EVERETT — Chris Johnson believes that good things happen if you keep working hard.
After three years at the University of Portland, Johnson reaped some of the rewards of his hard work.
The right-handed pitcher was selected in the 17th round by the San Francisco Giants in the Major League Baseball draft.
Johnson then faced a difficult decision: Return for his senior year at Portland, or turn professional?
The prospect of starting his pro baseball career eventually won out.
“It was an important decision,” the 2009 Meadowdale High School graduate said. “I loved being at the University of Portland. The coaches, people, faculty were all great to me. It was a really hard decision to make. … I think ultimately it was the right decision.
“The length of a pro career can be short. I’d like to kind of get it started whenever I could. I had a pretty good opportunity with the Giants.”
Last week, Johnson returned to the Northwest with his team, the Salem-Keizer Volcanoes, and the right-handed reliever had a strong appearance against the Everett AquaSox on July 25.
Johnson threw four innings, allowing one run on two hits. He struck out four and walked only one. Johnson threw 55 pitches, 37 of them for strikes. The four-inning stint was Johnson’s longest among his nine appearances this season.
“I had a really good changeup,” Johnson said. “I was spotting up my fastball pretty well and kind of working off that. … I was trying to keep guys off-balance and get them out in whatever way I could.”
Johnson started 13 games at Portland last spring. He finished 4-4 with a 3.08 ERA. Johnson allowed 81 hits and 21 walks and struck out 57 in 76 innings.
A relief pitcher has a different mindset than a starter, according to Johnson.
“Being a reliever you’re not necessarily going to know when you’re going to pitch,” he said. “You kind of always have to be ready, where as a starter you have to have every game mapped out when you’re going to throw.
“It definitely was an adjustment at first, but I think having been a reliever this year, I’m starting to kind of get the hang of it and gotten the mental and physical routines for the games I think I might throw in.”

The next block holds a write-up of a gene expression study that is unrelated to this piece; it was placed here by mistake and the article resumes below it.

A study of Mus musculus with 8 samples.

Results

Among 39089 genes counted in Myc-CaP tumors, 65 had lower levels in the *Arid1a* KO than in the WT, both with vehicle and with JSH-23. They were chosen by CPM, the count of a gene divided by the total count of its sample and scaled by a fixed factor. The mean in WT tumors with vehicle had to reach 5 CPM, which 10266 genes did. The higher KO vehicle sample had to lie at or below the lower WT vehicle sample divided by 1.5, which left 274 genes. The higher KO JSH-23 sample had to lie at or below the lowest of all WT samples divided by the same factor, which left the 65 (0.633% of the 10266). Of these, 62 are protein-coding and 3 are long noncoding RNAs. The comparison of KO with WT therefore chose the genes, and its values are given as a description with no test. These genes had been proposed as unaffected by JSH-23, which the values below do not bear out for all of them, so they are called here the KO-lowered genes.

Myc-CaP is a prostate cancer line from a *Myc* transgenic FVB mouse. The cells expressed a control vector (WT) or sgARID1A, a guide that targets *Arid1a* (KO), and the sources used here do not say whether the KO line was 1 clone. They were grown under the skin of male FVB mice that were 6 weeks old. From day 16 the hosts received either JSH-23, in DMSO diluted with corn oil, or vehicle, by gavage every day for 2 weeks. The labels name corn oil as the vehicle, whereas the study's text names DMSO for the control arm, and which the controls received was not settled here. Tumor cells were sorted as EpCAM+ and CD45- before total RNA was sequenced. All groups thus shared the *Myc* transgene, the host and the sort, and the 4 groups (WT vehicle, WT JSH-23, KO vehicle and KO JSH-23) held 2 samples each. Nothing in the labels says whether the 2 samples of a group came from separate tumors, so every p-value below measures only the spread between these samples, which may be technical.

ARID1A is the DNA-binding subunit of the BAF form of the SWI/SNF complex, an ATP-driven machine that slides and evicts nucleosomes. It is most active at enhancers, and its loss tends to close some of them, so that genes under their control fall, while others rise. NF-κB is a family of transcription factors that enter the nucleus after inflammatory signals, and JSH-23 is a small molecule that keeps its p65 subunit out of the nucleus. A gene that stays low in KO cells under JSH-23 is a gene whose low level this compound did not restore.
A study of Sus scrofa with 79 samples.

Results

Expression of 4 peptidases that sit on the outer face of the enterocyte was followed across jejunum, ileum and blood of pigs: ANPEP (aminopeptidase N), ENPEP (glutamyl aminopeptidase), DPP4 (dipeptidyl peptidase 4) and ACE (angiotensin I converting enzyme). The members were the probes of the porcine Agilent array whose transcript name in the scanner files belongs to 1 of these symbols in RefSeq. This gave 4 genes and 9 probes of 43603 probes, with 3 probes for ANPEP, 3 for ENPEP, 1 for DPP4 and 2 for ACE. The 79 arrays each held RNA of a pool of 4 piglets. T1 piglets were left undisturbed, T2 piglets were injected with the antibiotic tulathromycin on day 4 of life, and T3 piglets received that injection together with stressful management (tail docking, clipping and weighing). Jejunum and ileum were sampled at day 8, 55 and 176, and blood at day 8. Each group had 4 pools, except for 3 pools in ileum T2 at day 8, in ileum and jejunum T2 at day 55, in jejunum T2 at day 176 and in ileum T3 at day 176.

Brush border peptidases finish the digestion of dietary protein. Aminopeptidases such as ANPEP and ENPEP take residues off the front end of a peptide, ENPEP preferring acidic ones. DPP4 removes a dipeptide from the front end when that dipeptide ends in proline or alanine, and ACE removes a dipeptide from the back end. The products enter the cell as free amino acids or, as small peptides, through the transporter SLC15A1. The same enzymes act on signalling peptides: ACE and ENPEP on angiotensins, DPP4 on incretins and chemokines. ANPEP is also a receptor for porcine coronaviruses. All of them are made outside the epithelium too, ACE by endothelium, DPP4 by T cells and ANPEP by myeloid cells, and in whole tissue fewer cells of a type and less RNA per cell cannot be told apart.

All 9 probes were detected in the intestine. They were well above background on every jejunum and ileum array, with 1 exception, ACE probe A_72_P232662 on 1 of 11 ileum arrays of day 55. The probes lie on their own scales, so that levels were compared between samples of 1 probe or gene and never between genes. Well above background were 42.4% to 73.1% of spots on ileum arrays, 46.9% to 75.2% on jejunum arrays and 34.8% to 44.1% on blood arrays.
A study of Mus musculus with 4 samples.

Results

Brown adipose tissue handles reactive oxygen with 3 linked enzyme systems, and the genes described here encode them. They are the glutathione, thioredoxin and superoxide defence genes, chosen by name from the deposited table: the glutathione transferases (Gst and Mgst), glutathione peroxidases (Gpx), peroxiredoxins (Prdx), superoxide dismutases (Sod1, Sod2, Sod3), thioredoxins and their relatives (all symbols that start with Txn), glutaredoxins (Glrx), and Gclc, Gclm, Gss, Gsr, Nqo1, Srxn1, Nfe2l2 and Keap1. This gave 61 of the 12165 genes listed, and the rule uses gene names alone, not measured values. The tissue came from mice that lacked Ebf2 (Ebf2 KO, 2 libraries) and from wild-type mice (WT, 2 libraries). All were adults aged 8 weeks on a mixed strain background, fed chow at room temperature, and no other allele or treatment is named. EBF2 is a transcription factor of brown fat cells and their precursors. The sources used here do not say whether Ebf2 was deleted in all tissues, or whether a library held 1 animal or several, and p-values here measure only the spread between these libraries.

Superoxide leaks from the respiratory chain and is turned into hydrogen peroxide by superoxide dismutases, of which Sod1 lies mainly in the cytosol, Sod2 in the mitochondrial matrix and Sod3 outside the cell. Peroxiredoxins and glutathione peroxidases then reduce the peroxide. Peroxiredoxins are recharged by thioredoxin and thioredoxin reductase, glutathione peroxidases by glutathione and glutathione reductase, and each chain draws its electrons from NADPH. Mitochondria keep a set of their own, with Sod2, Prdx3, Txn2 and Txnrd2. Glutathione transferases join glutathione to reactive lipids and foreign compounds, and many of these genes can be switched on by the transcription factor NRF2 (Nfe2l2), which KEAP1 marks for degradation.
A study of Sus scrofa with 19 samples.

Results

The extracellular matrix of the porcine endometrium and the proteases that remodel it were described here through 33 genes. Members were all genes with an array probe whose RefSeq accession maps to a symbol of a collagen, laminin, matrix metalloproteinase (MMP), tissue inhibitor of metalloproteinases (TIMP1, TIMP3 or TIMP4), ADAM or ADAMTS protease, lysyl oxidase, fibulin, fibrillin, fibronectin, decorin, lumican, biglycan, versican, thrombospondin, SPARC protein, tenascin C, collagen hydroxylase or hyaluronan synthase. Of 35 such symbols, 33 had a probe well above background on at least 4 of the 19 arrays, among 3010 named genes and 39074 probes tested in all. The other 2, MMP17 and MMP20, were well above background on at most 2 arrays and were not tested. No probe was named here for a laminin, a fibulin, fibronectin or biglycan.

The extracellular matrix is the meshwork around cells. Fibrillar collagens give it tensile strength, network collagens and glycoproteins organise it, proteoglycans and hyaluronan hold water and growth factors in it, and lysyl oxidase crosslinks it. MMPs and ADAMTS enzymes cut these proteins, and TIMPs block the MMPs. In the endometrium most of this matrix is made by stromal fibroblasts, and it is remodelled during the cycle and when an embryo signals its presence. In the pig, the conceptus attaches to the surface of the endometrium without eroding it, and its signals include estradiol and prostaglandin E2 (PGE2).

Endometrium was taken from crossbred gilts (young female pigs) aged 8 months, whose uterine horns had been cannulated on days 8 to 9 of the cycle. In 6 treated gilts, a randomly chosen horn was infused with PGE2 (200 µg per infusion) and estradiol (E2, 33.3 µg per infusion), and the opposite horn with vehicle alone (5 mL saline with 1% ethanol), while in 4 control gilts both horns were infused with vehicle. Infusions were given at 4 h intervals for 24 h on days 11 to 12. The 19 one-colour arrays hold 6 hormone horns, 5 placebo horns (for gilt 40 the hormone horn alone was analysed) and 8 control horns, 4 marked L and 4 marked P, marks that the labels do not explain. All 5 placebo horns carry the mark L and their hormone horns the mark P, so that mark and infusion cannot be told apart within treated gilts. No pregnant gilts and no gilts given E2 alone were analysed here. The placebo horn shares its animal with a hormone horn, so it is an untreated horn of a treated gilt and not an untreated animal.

Johnson has started one game and also done some short relief work. He currently is a middle reliever.
It doesn’t matter what role he plays.
“I’m just glad to get innings out there,” Johnson said. “It’s been fun.”
The talent level is much higher in the Northwest League as opposed to college.
“All the hitters up here are obviously better than college,” Johnson said. “Pretty much every guy out here is what I call a top-of-the-order guy. So you don’t really have any easy outs, one through nine, whereas you might have a couple in college. … You’ve really got to battle, throw all your pitches and really give all you can to get them out.”
Johnson is 1-1 with a 4.43 ERA. In 22 1/3 innings of work in nine games, he has struck out 20 and walked two.
After being assigned to Salem-Keizer, Johnson knew the Volcanoes would be visiting Everett and he hoped he would have the opportunity to play in front of family and friends again. Johnson made his first collegiate start against the University of Washington.
“It was good to get out there and do well,” Johnson said. “Coming up to Everett was something I was looking forward to. When I got the schedule … I saw we were in the same league as these guys.
“I was hoping I got the chance to pitch and I did, and I did pretty well.”
As a young boy, Johnson attended some of the games at Everett Memorial Stadium.
“It was really weird and pretty cool to be out there pitching on the same field as the team I grew up watching as a little kid,” he said.
His advice to young players who hope to become a professional baseball player is to be persistent.
“Keep going after it,” Johnson said.
If you’re playing baseball in college as Johnson was, make the most of that opportunity and know that the coaches are there to help you get where you want to go, he added.
“Keep a good attitude, keep working hard and good things will happen,” Johnson said.
Herald writer Nick Patterson contributed to this story.